By Eric Connolly
We are witnesses, all of us, witnesses to
the power of Christ’s love.
A message of witness was the foundation
for Bishop George Leo Thomas’s
homily during a cathedral Mass celebrated
when nearly 400 people were in Helena for the
Catholic Youth Coalition Convention, April 12-14.
The annual convention’s theme, “Cast Your Net,” was
based on the Sunday, April 14, reading of John 21:1-19,
in which the risen Christ appears to disciples on the Sea
of Tiberius and tells them to “cast the net over the right
side of the boat,” resulting in a catch so large the net
could not be pulled in. Convention speakers focused on
different aspects of this message, but particularly on the
call to come closer to Christ.
Father Sean Weeks, a priest at St. Pius X Parish in
Portland, Ore., keynoted the convention on Saturday.
Father Weeks told the story of his call to the priesthood,
a vocation he had not anticipated, and spoke
about the importance of the Easter season.
“We need to wake up, and Easter is our opportunity to
wake up, because he is risen, our Lord is alive,” he told
the convention crowd at the Lewis and Clark County Fairgrounds.
“But the problem is, sometimes we get so
caught up in our way of living that we don't approach him
and we don't walk in our lives as if he’s alive. We approach
him as if he is some type of story.”
Father Weeks also said the people at the convention
could not go back to their old ways after having an experience
with Christ, much like Peter in the Gospel passage,
who returned to his old life of fishing and caught nothing.
“This casting our net, it’s not that I think we don't cast
it, were casting it all the time. I think that we’re casting it,
and we don't catch anything other than what the world
has to offer sometimes, which is filled with negativity,” Father
“When we cast our nets there, we do catch something
but it’s nothing that will bring us peace. We need to cast
them in his direction. The disciples caught an incredible
number of fish when they did what he told them to do.”
The Saturday schedule included worship music, youth
keynote speakers, breakout sessions led by Reach Youth
Ministry of Helena and Perpetual Motion Ministry of Dallas,
gender-specific catechesis, a banquet, the cathedral Mass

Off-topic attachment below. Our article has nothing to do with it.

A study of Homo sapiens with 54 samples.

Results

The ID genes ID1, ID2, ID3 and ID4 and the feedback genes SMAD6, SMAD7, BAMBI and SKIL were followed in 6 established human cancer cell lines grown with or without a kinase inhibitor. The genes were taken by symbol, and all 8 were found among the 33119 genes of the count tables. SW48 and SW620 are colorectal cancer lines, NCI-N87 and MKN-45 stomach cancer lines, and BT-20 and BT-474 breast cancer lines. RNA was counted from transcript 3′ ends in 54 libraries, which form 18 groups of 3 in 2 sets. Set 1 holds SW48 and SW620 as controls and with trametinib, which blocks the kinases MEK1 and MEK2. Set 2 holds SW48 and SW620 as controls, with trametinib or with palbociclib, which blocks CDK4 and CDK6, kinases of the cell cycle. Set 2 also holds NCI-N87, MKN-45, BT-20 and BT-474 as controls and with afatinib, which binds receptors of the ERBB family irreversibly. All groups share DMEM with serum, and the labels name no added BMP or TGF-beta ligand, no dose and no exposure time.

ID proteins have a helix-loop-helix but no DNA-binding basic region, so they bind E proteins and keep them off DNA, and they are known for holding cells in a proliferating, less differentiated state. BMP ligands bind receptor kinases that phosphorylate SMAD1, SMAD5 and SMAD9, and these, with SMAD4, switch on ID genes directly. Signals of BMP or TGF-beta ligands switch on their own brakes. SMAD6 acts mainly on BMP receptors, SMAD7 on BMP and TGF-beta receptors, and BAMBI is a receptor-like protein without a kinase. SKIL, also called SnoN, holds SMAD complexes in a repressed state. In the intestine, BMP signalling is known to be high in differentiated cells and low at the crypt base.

and a dance.
The keynote speaker on Sunday morning was Sister
Kateri Mitchell, executive director of the Tekakwitha Conference
and a member of the Mohawk Nation. Sister
Mitchell was a key person in the sainthood cause of St.
Kateri Tekakwitha, canonized last October. A miracle attributed
to St. Kateri involved the healing of a boy in Seattle,
after Sister Mitchell took a relic to his bedside and
through prayer, the intercession of St. Kateri was sought.
Sister Mitchell told convention-goers the story of the life
of St. Kateri, and said the story fit the weekend’s theme
“At the time of her baptism, when she was 20 years old,
she asked a Jesuit priest if they would baptize her,” Sister
Mitchell said. “It was because of her encounter, because
of her understanding of this great wonder, the Creator, the
almighty one, who got hold of her and did not let her go.
“Talk about casting a net—she was caught, and she
loved the depth that this God was able to draw her into.”
Joan Sewell, a youth minister at Immaculate Conception
Parish in Deer Lodge, said the impact of the convention is
evident in her parish throughout the year.
“The kids that come here, they are awakened to a whole
new thing, with Jesus being involved in their lives,” she
said. “They leave here with a hunger for more.”
“This convention in particular has helped me realize
what I need to do, to get up and follow Christ,” said Kyra
Butts, a youth participant from Risen Christ Parish in
“I just need to let myself go to Christ. That’s how it has
Published in The Montana Catholic Online, Volume 29, No. 4, April 19, 2013.